By asking a hand-picked team of 3 or 4 experts in the field (the “peers”), journals hope to accept the good stuff, filter out the rubbish, and improve the not-quite-good-enough papers.
…Overall, they found a reliability coefficient (r^2) of 0.23, or 0.34 under a different statistical model. This is pretty low, given that 0 is random chance, while a perfect correlation would be 1.0. Using another measure of IRR, Cohen’s kappa, they found a reliability of 0.17. That means that peer reviewers only agreed on 17% more manuscripts than they would by chance alone.
That’s from neuroskeptic writing about an article that studies the peer-review process. I couldn’t tell you what Cohen’s kappa means but let’s just take the results at face value: referees disagree a lot. Is that bad news for peer-review?
Suppose that you are thinking about whether to go to a movie and you have three friends who have already seen it. You must choose in advance one or two of them to ask for a recommendation. Then after hearing their recommendation you will decide whether to see the movie.
You might decide to ask just one friend. If you do it will certainly be the case that sometimes she says thumbs-up and sometimes she says thumbs-down. But let’s be clear why. I am not assuming that your friends are unpredictable in their opinions. Indeed you may know their tastes very well. What I am saying is rather that, if you decide to ask this friend for her opinion, it must be because you don’t know it already. That is, prior to asking you cannot predict whether or not she will recommend this particular movie. Otherwise, what is the point of asking?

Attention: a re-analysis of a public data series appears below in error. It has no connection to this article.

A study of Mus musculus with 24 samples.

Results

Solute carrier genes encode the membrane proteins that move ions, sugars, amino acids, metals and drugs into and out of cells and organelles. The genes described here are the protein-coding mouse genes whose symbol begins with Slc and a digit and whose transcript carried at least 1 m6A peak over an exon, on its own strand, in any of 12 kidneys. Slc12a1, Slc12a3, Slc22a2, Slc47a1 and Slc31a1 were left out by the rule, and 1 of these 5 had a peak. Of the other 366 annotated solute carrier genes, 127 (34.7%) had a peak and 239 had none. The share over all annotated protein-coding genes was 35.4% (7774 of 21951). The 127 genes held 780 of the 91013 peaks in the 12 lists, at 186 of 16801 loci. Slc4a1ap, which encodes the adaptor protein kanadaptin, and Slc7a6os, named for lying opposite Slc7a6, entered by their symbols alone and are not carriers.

Now you might ask two friends for their opinions. If you do, then it must be the case that the second friend will often disagree with the first friend. Again, I am not assuming that your friends are inherently opposed in their views of movies. They may very well have similar tastes. After all they are both your friends. But, you would not bother soliciting the second opinion if you knew in advance that it was very likely to agree or disagree with the first on this particular movie. Because if you knew that then all you would have to do is ask the first friend and use her answer to infer what the second opinion would have been.
If the two referees you consult are likely to agree one way or the other, you get more information by instead dropping one of them and bringing in your third friend, assuming he is less likely to agree.
This is all to say that disagreement is not evidence that peer-review is broken. Exactly the opposite: it is a sign that editors are doing a good job picking referees and thereby making the best use of the peer-review process.
It would be very interesting to formalize this model, derive some testable implications, and bring it to data. Good data are surely easily accessible.